Along with annual leave, sick leave is a very valuable benefit for federal employees, providing paid, job-protected time off for personal or family medical-related purposes. Further, it can be used for a variety of other purposes, as we’ll examine next week. For now, though, let’s look at the general rules of sick leave and its using it for sickness.
Full-time employees earn four hours of sick leave per pay period—looked at other ways, that’s two hours a week, or 13 days a year. Amounts are prorated for part-time employees according to their hours of work.
Also, within the first 12 months of employment, newly hired veterans with a disability rating of 30 percent or more have 104 hours of special sick leave available from the date of hiring for medical treatment related to that disability. That leave does not carry over beyond that time.
Note: Employees returning to federal employment after a break in service will have any unused sick leave to their credit at separation recredited to them, except that the Postal Service does not recredit leave if the break was more than three years.
Unlike annual leave, which is subject to carry-over limits as we described last week, there is no limit on how much sick leave you can accumulate. Many long-time employees have many months’ worth, or even a year or more, to their credit—which is very valuable at retirement, as we’ll see later in this series.
But sick leave is there for you to use, for reasons such as when you: receive medical, dental, or optical examination or treatment; are incapacitated by physical or mental illness, injury, pregnancy, or childbirth; would, because of exposure to a communicable disease, jeopardize the health of others by your presence on the job; or must be absent from work for adoption-related activities.
You must request sick leave within any time limits your agency requires. An agency may require you to request advance approval for sick leave for your own or a family member’s medical, dental, or optical examination or treatment. For absences of excess of three days, or for a lesser period at its discretion, an agency may require a medical certificate or other administratively acceptable evidence.
Sick leave normally can be used only as it accrues, although up to 30 days of may be advanced.
Family Members’ Serious Health Conditions
If you have a family member with a serious health condition, you can use up to 12 weeks of your sick leave each year to care for him or her. This applies not just to a spouse and children but also parents, siblings and certain others; a full list is in a fact sheet at https://www.opm.gov/policy-data-oversight/pay-leave/leave-administration.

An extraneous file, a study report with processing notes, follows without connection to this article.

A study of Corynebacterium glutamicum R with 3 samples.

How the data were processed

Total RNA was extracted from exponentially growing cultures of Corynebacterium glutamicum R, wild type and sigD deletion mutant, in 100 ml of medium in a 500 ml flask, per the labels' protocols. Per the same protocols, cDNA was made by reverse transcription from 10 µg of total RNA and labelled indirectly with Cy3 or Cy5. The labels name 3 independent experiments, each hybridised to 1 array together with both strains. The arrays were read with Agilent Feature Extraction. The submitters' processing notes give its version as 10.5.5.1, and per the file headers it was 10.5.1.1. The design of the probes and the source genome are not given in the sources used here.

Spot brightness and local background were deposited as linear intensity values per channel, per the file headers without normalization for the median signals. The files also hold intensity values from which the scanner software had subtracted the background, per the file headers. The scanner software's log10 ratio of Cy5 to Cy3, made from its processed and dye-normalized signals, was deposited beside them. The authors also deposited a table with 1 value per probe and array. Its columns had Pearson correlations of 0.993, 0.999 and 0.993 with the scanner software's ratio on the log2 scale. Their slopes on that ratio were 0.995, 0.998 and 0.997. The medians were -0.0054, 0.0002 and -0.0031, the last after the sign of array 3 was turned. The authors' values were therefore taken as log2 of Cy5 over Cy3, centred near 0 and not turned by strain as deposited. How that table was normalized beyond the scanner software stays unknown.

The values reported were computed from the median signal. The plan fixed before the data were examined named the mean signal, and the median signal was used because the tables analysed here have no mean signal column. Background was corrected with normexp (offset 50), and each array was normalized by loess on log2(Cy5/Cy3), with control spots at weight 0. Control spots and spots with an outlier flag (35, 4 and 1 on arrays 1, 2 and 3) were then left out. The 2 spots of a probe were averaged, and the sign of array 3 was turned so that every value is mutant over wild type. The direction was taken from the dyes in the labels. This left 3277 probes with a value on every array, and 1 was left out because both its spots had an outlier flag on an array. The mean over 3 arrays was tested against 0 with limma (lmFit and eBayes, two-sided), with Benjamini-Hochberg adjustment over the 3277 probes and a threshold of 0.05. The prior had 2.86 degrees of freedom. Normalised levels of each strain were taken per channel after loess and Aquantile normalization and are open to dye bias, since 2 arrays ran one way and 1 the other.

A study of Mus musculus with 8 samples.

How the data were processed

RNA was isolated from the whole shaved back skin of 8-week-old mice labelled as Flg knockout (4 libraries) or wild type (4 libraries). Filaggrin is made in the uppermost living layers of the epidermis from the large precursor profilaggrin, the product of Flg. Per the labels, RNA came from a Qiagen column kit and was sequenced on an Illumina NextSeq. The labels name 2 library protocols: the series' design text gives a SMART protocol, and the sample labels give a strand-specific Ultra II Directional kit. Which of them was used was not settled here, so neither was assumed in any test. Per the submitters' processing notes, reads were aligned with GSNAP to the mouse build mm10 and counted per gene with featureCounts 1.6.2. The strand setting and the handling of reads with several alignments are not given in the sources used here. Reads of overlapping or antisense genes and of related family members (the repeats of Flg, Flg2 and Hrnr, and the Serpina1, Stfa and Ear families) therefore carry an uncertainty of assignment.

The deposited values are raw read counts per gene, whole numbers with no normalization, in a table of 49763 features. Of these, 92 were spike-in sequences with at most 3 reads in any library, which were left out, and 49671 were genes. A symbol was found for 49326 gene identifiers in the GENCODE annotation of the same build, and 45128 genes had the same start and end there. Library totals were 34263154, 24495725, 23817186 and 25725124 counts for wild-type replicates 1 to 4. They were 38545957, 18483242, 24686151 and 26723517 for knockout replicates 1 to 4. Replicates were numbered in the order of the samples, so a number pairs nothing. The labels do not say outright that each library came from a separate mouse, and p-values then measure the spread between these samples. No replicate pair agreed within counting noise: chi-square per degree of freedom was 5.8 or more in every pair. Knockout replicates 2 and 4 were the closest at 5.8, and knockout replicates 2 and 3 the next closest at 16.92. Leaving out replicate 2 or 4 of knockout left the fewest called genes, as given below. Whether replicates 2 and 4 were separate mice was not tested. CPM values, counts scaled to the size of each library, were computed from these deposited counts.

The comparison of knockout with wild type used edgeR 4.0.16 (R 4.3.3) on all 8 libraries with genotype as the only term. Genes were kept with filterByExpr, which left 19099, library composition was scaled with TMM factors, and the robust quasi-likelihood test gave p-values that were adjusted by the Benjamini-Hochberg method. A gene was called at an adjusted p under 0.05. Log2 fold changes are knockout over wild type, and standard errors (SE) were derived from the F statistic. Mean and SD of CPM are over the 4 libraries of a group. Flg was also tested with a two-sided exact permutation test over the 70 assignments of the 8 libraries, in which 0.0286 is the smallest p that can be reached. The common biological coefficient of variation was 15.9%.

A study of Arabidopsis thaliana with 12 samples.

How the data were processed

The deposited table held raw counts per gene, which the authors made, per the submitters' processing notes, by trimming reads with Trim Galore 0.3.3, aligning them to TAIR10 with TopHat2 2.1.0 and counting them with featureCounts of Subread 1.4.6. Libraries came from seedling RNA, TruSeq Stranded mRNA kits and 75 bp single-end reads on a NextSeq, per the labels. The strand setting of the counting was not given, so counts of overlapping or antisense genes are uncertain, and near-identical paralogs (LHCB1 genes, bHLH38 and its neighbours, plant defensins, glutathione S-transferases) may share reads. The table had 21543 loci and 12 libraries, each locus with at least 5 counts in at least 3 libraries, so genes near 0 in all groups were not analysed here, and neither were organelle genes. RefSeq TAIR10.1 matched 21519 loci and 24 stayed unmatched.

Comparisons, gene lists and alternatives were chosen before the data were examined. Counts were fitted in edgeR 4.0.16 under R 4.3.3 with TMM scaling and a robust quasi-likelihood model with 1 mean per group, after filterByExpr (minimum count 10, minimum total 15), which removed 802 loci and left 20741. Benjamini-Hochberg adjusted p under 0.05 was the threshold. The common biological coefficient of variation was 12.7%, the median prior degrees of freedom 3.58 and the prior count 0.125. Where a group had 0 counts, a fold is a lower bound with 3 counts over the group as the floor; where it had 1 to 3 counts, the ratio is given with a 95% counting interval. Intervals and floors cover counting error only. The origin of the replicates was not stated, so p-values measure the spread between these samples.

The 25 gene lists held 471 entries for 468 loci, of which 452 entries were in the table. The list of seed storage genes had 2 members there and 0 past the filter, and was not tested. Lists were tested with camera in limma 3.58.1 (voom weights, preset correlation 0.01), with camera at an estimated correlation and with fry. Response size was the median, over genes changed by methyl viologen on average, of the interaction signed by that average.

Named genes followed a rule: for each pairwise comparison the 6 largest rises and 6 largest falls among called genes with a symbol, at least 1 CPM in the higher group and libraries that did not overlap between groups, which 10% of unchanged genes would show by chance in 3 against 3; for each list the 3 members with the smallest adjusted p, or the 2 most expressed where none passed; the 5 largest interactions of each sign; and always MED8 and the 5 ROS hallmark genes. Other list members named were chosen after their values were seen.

The term “serious health condition” includes cancer, heart attacks, strokes, severe injuries, Alzheimer’s, pregnancy and childbirth. On the other hand, it doesn’t cover conditions for which treatment and recovery are relatively short—for example, a common cold, earache, upset stomach, routine dental or orthodontic problems or headaches (with the exception of migraines).
Care is defined as providing psychological comfort and/or physical care, including spending time with the family member while being examined in a doctor’s office or during a hospital stay. Your agency may require you to provide a written statement from a health care provider certifying that your family member requires such care and that he or she would either benefit from your care or that you are needed to provide that care for a specific period of time.
If you don’t have enough accrued sick leave, you can ask your agency to advance you a maximum of 30 days of sick leave for these purposes. Alternatively, you could take up to 12 weeks of unpaid leave under the Family and Medical Leave Act.
Serious Communicable Diseases
If you have a family member who has been exposed to pandemic flu or another communicable disease – even if the family member hasn’t been diagnosed as having contracted it – you may use up to 13 days of your sick leave to care for him or her. However, to qualify for that benefit, your health care provider would have to verify that 1) your family member’s presence in the community would jeopardize the health of others and 2) you would need to actively provide care for your family member.
If it’s determined that your family member has, in fact, contracted the disease, you’d be entitled to use up to 12 weeks of sick leave to care for him or her mentioned above.
School Closures Because of an Emergency Health Situation
If schools are closed because of an emergency health situation, such as pandemic flu or other serious communicable disease, you may use up to 13 days of your sick leave if your child has been exposed to the disease and it has been determined that the child’s presence in the community would jeopardize the health of others.
Further, if your child contracts the disease, you can use up to 13 days of your sick leave to care for him or her. If your child’s illness rises to the level of a serious health condition, you can take up to 12 weeks of sick leave as mentioned above. Additionally, you can take up to 12 weeks of unpaid leave under the Family and Medical Leave Act.